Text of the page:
Five years after the US-led invasion to topple former Iraqi president Saddam Hussein, many Iraqis still lack access to basic healthcare, sanitation and clean water, the International Committee of the Red Cross (ICRC) said yesterday.
The humanitarian situation in Iraq is among the most critical in the world, the Red Cross said, noting that the conflict has worsened the impact of previous wars and years of international sanctions that caused severe hardship in the country.
Iraqi hospitals lack qualified staff and basic drugs, and facilities are not properly maintained, the Red Cross said.
Public hospitals provide 30,000 beds, less than half of the 80,000 needed.
Few Iraqis can afford to seek help in private clinics where consultations cost US$2 to US$7 because the average daily wage in the country is less than US$5.
The Red Cross said Iraqi officials estimate that more than 2,200 doctors and nurses have been killed and more than 250 kidnapped since 2003. Of the 34,000 doctors registered in 1990, at least 20,000 have left the country.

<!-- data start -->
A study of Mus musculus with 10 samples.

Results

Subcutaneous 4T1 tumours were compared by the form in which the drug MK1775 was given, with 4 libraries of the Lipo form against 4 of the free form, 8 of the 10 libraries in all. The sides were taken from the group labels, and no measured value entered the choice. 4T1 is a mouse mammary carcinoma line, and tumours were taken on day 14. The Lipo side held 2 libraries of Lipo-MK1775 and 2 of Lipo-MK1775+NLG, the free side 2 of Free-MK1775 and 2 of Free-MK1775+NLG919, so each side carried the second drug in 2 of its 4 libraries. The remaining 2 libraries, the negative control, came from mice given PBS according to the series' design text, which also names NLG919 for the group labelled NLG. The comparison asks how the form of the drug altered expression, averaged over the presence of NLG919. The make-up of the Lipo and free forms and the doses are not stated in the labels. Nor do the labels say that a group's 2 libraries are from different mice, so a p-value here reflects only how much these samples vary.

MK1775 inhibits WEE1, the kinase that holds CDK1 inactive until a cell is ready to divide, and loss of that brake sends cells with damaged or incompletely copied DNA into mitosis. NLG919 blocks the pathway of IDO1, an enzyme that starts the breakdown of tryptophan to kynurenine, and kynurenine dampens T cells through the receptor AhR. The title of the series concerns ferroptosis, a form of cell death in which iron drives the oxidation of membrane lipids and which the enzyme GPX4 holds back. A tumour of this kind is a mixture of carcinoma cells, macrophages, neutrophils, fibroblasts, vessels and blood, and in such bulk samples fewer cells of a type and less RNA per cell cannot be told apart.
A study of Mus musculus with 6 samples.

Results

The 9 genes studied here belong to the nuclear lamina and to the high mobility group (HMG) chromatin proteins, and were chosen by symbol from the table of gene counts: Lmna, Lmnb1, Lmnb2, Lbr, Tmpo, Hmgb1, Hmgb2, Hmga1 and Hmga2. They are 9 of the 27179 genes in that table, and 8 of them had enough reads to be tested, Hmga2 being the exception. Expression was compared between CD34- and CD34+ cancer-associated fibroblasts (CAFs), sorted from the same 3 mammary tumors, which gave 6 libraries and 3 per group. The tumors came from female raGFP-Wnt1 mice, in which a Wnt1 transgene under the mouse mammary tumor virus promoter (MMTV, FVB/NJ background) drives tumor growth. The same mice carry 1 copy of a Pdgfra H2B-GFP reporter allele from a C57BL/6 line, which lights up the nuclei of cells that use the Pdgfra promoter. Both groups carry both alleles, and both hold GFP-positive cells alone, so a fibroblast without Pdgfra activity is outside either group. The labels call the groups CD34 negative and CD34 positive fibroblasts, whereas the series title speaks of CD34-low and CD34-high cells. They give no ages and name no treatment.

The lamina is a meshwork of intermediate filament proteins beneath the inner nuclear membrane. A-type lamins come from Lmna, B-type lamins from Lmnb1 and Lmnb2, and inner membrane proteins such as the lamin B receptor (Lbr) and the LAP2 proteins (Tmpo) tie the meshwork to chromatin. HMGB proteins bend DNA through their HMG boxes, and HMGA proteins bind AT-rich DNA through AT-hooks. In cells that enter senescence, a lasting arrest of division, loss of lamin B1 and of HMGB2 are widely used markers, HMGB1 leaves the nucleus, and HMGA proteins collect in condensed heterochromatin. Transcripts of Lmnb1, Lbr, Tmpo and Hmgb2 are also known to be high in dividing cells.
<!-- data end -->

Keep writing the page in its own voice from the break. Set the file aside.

The neutral body said water supplies have also deteriorated over the past year, causing shortages and forcing millions to rely on poor-quality supplies.
At current prices, families with only one earner spend a third of their income -- or about US$50 a month -- on water alone, the Red Cross said.
ICRC's head of operations for the region said that while security has improved in some parts of the country, more attention needs to be paid to meeting the basic needs of the population in order to prevent the humanitarian situation from getting worse.
"Better security in some parts of Iraq must not distract attention from the continuing plight of millions of people who have essentially been left to their own devices," Beatrice Megevand Roggo said.